Every guest is special: Providing VIP treatment at the Polynesian Cultural Center

Special visits are a common occurance here at the PCC

 

The more than 40 million people who have visited the Polynesian Cultural Center since it opened in 1963 includes a long list of stars and dignitaries: kings, queens, national leaders, presidents, famous actors, governors, Latter-day Saint general authorities, and the list goes on.

 


 

For example, earlier this year the king and queen of Tonga spent two days at the Center; and just days ago President Dieter F. Uchtdorf, Second Counselor in the worldwide First Presidency of The Church of Jesus Christ of Latter-day Saints — which founded both BYU—Hawaii and the PCC in 1955 and 1963, respectively — and his family spent time at the Center: “He’s very open and personable, and always willing to shake hands with everybody,” said PCC Guest Services Manager Jimmy Mapu of President Uchtdorf.


 


 

All visitors are our special guests

 

Mapu, a Hawaii-born Samoan from Laie who served as a Mormon missionary in Tokyo, Japan — and often delights Japanese visitors with his fluent language skills, if not his sumo wrestler-like build — now works closely with Bobby Akoi, the Center’s former director of protocol. He makes sure that not only VIP visits go smoothly, but that all Polynesian Cultural Center guests enjoy a special experience.

 

Jimmy Mapu 2015

 

Mapu said when he trains the guides, he tells them, “All visitors are our special guests — not just the ones on their tours or the ones they come in contact with. Everybody who comes should be treated special.”

 

“One of our student guides replied, she even tries to think of every guest she comes in contact with as her family: ‘How would I want my family to be treated if they came here? Then I reach out and make sure they’re cared for that way.’”

 


Giving it our all

 

Sometimes, Mapu continued, many guests aren’t even aware of all the extra effort and hard work PCC employees put in. For example, he recalled recently after a Japanese visitor dropped her smart phone into the deepest part of the lagoon, her canoe guide rushed back to the spot when the tour was over, but couldn’t find it. Going back again later, he dredged through the mud at the bottom of the lagoon with his bare feet, found the waterlogged phone, and then, used his own miniature tools and a hair dryer to repair and return it to the visitor.

 

On another occasion when a traffic accident on nearby Kamehameha Highway knocked out power and guests weren’t aware the Center was operating with generators and meeting challenges behind the scenes, Mapu recalled assisting guests as they prepared to enjoy the Polynesian Cultural Center evening show: He saw an older man “walking slowly with his head down, staring at his feet. When he reached me, he only looked up for a second — just long enough to flash his ticket to me — then immediately looked back down at his feet, and continued on past me. Before I could stop him to ask if he was okay, he paused, turned to me, and put his old, rough hand on my shoulder. A small, faint smile slowly creeped onto his face.”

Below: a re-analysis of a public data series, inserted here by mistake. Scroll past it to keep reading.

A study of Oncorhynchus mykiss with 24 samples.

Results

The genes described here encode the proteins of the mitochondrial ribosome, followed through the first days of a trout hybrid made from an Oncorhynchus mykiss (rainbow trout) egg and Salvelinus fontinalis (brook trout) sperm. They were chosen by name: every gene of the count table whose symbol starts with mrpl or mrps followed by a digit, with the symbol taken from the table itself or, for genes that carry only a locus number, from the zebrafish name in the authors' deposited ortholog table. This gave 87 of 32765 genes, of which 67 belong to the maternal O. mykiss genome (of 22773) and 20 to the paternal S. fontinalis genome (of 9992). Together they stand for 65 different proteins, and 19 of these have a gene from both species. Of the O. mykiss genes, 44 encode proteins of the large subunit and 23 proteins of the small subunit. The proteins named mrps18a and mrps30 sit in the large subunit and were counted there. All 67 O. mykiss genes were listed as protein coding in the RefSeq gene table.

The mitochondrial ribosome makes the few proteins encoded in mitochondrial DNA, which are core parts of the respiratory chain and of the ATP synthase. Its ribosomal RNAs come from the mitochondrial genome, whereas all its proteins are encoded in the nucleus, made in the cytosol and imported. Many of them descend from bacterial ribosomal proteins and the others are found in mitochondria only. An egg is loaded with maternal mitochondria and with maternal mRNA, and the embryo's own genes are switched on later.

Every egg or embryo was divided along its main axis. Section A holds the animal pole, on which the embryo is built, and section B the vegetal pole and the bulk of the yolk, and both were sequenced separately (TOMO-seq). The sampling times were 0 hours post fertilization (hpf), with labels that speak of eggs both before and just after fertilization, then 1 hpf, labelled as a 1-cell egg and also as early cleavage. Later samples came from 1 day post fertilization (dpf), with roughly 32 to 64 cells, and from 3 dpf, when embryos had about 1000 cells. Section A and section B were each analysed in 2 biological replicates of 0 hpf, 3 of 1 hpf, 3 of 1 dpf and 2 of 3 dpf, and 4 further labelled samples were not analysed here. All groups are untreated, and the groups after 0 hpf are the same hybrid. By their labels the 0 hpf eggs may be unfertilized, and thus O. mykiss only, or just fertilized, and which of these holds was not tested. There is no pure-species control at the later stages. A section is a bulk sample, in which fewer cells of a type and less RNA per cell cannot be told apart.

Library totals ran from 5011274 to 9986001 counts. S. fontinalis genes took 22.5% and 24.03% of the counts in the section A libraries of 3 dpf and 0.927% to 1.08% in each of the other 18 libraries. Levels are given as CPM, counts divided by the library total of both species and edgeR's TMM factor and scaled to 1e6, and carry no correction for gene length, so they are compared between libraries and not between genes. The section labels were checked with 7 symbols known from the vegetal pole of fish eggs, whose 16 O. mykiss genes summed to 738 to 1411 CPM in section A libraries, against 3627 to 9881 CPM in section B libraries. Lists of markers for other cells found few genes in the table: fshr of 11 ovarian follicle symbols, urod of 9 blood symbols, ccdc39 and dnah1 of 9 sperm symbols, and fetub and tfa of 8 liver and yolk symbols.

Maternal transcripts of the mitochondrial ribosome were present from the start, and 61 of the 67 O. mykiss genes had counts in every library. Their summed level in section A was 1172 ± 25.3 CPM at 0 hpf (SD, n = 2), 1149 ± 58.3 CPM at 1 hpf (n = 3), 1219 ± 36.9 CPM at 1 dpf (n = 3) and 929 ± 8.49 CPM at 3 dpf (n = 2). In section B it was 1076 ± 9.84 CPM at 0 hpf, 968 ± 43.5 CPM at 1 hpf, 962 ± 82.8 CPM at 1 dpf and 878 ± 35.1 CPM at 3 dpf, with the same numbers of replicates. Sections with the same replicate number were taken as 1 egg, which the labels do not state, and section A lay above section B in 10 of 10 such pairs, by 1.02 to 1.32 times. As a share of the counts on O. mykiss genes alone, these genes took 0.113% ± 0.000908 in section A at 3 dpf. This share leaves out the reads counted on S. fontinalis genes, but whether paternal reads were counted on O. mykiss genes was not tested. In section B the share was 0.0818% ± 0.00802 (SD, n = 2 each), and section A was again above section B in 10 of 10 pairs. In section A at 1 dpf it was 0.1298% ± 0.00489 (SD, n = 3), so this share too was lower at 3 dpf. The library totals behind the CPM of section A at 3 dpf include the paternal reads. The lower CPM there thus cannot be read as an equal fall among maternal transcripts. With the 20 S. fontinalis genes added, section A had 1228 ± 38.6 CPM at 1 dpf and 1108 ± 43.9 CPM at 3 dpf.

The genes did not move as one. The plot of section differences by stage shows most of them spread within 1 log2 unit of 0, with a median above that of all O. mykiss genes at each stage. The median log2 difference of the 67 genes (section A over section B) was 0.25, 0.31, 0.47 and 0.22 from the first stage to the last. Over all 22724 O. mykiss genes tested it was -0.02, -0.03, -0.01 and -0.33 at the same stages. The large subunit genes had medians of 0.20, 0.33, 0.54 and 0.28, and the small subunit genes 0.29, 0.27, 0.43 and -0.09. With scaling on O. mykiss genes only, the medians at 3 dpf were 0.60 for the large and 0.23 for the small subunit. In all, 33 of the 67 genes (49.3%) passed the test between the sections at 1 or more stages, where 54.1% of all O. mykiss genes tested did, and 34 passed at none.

“He said, very slowly and deliberately, ‘You people are something else.’ I thought to myself, Uh oh! This could be good or it could be bad. Brace yourself!”: ‘All day, as I walked around this place,’ he continued, ‘every one I’ve come in contact with — EVERY SINGLE ONE — has been smiling! There’s just something about you people. You’ve made this old man happy.’”

 

POLYNESIAN CULTURAL CENTER

 

Mapu added, “I think this place has such a wonderful spirit of aloha that people feel it and are touched by it”; and Akoi said, “The Polynesian Cultural Center has the ability to make all our guests feel the aloha spirit. They often remark they feel something special here. They also like how the different cultures and fellow guests from all over the world all mesh together in one place in peace and harmony.”

 

 

 

 


 

 

 

 

 

mike_foley

Mike Foley, who has worked off-and-on

at the Polynesian Cultural Center since

1968,  has been a full-time freelance

writer and digital media specialist since

2002, and had a long career in marketing

communications and PR before that. He

learned to speak fluent Samoan as a

Mormon missionary before moving to Laie

in 1967 — still does, and he has traveled

extensively over the years throughout

Polynesia and other Pacific islands. Foley

is mostly retired now, but continues to

contribute to various PCC and other media.